Thirteen years ago the line was uttered by NASCAR brass in response to accusations that the sport had become sterile and that they were policing on-track disputes too heavy-handedly.
During the NASCAR Media Tour, Robin Pemberton spoke to the assembled pundits and explained that the sanctioning body was going to let the drivers police themselves and, provided it didn’t become dangerous, the folks in Daytona would keep their hands out of it.
While the policy has seemed to back off some in recent years, there is still a belief that drivers can take care of incidents without NASCAR stepping in. Unfortunately for Denny Hamlin, if you make a public statement about what you tried to do to a fellow competitor, NASCAR will hit you in the pocketbook.
As the sport gets ready to head back to North Wilkesboro Speedway we are reminded of the famous rivalry between Dale Earnhardt and Geoff Bodine. There was a period where those two drivers could not get near each other on the track without intentionally wrecking the other.
The rivalry was immortalized in the movie “Days of Thunder.” The famous meeting that took place, in Daytona, with Big Bill France and the two drivers was the basis for the scenes in the movie where Cole Trickle and Rowdy Burns tear up their rental cars en route to dinner. That was a situation where Daytona tried to let the boys have at it and there was just no end in sight.
Earnhardt had rivalries like that with a few drivers. Remember the “Pass in the Grass,” although it wasn’t really a pass? Earnhardt and Bill Elliott were after each other for quite some time and, while they didn’t do too much wrecking, they certainly didn’t cut each other any slack. Earnhardt also had a feud with Darrell Waltrip. It culminated in the famous wreck at Richmond Raceway. The drivers were able to settle their differences on the track without NASCAR stepping in.
More recently we have seen Kurt Busch and Jimmy Spencer working out their differences. From Indianapolis to Bristol, they rattled each other’s cages but they were able to work through their differences without NASCAR having to bring down fines or penalties. That doesn’t mean that the drivers didn’t get a lecture from the big trailer after an incident or two.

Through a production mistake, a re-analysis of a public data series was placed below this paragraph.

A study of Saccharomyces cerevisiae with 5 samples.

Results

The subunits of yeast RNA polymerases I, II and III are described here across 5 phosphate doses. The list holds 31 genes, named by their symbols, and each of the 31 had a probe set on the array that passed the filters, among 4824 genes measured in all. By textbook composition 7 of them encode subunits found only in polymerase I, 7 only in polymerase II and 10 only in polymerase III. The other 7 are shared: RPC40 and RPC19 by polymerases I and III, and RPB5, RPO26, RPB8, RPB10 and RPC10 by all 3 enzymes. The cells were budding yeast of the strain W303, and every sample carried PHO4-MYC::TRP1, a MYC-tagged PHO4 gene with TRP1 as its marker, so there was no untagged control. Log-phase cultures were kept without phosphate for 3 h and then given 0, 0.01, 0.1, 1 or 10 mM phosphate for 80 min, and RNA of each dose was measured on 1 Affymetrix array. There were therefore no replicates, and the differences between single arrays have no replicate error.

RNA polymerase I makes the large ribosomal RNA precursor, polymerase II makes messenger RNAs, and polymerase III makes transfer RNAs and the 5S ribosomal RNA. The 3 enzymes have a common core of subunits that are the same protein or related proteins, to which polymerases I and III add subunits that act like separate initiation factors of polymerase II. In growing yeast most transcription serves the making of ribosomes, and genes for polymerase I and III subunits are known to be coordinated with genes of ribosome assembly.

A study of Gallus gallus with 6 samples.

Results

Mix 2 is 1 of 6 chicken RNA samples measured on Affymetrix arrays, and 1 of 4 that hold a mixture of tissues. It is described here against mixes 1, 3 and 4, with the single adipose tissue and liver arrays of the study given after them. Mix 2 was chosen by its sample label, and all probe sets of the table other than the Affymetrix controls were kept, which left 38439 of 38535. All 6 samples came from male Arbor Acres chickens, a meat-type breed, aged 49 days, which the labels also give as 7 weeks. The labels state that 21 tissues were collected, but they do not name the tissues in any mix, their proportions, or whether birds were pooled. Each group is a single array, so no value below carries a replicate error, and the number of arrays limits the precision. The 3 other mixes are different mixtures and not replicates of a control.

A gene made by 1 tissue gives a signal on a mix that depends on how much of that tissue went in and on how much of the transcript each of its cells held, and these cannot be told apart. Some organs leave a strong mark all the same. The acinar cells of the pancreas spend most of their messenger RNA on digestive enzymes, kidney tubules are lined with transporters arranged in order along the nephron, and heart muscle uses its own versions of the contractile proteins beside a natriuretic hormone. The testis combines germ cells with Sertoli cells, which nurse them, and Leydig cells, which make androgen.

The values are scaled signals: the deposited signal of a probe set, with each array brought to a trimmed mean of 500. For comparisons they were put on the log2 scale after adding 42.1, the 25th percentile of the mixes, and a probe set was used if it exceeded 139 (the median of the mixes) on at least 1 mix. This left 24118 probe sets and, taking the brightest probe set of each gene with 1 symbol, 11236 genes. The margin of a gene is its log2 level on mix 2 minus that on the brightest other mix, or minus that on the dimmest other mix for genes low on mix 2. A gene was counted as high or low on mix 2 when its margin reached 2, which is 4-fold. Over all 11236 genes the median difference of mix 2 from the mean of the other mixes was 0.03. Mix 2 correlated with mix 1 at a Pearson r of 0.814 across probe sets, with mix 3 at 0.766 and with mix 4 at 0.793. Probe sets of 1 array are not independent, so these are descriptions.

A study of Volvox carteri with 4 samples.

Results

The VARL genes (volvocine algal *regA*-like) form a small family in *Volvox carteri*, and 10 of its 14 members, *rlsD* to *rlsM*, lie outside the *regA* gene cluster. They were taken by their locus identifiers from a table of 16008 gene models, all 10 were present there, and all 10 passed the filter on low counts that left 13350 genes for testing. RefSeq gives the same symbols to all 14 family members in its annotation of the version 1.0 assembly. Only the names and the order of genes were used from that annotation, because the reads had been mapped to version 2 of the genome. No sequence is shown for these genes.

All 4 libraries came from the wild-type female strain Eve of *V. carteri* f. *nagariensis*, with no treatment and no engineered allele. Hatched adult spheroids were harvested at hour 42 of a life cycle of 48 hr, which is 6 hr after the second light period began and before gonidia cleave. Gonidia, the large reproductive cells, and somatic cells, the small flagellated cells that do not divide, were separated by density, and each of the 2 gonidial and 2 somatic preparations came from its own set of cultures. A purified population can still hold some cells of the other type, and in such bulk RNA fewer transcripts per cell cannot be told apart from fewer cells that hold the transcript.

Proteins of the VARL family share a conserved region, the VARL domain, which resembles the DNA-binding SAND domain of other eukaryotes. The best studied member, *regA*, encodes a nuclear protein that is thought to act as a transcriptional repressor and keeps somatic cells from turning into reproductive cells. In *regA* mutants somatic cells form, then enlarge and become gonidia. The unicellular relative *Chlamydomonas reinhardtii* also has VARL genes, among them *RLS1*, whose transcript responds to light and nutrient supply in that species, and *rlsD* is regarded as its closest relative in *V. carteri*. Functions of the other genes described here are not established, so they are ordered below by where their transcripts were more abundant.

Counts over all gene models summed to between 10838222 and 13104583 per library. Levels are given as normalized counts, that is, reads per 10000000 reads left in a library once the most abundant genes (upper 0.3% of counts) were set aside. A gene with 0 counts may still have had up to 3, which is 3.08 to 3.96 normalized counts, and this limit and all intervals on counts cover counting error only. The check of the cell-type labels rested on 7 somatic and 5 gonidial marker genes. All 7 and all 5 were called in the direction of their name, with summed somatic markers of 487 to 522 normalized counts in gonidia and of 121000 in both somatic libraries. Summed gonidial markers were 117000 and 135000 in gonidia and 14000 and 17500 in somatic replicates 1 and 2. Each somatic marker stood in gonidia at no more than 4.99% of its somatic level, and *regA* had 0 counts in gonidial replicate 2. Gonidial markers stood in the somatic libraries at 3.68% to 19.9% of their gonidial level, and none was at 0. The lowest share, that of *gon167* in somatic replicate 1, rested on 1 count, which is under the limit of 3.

Hamlin has ruffled a few feathers in his career but he generally does it within the confines of the old school “unwritten rules.” Racing at the front of the pack, among drivers who routinely win or at least contend for wins, is different than it is in the back of the pack.
As drivers get better during their career and they spend more time near the front, they will be schooled in the etiquette of racing for wins. The front of the pack drivers are as aggressive or more than the drivers in the back, but they choose their time to force the issue on-track. Ten laps into a race you will see lead-lap cars give up positions to a car that is clearly superior.
With 10 laps to go, that same courtesy will generally not happen. If people do something unacceptable, they know that, at the right time, they will most likely receive a payback. That is the “Boys have at it” mentality. However, when the payback is delivered, it is not broadcast or bragged about. Voicing intent or boasting about retaliation leaves NASCAR in a position where they must do something.
The bottom line is that the drivers in the garage know what is acceptable and what is over the line. Sometimes, in the heat of the moment, a driver will step over the line. When they do, they are well aware that payback will come. When that happens they accept it and move on and the driver who delivers it simply grins and heads to the next race.
Hamlin and Ross Chastain have a tremendous rivalry developing and it could be magnificent for the sport. The important factor is that, when they choose to retaliate or send a message, they need to keep their mouths shut and let their actions do all of the talking.
About the author
What is it that Mike Neff doesn’t do? The writer, radio contributor and racetrack announcer coordinates the site’s local short track coverage, hitting up Saturday Night Specials across the country while tracking the sport’s future racing stars. The writer for our signature Cup post-race column, Thinkin’ Out Loud (Mondays) also sits down with Cup crew chiefs to talk shop every Friday with Tech Talk. Mike announces several shows each year for the Good Guys Rod and Custom Association. He also pops up everywhere from PRN Pit Reporters and the Press Box with Alan Smothers to SIRIUS XM Radio. He has announced at tracks all over the Southeast, starting at Millbridge Speedway. He's also announced at East Lincoln Speedway, Concord Speedway, Tri-County Speedway, Caraway Speedway, and Charlotte Motor Speedway.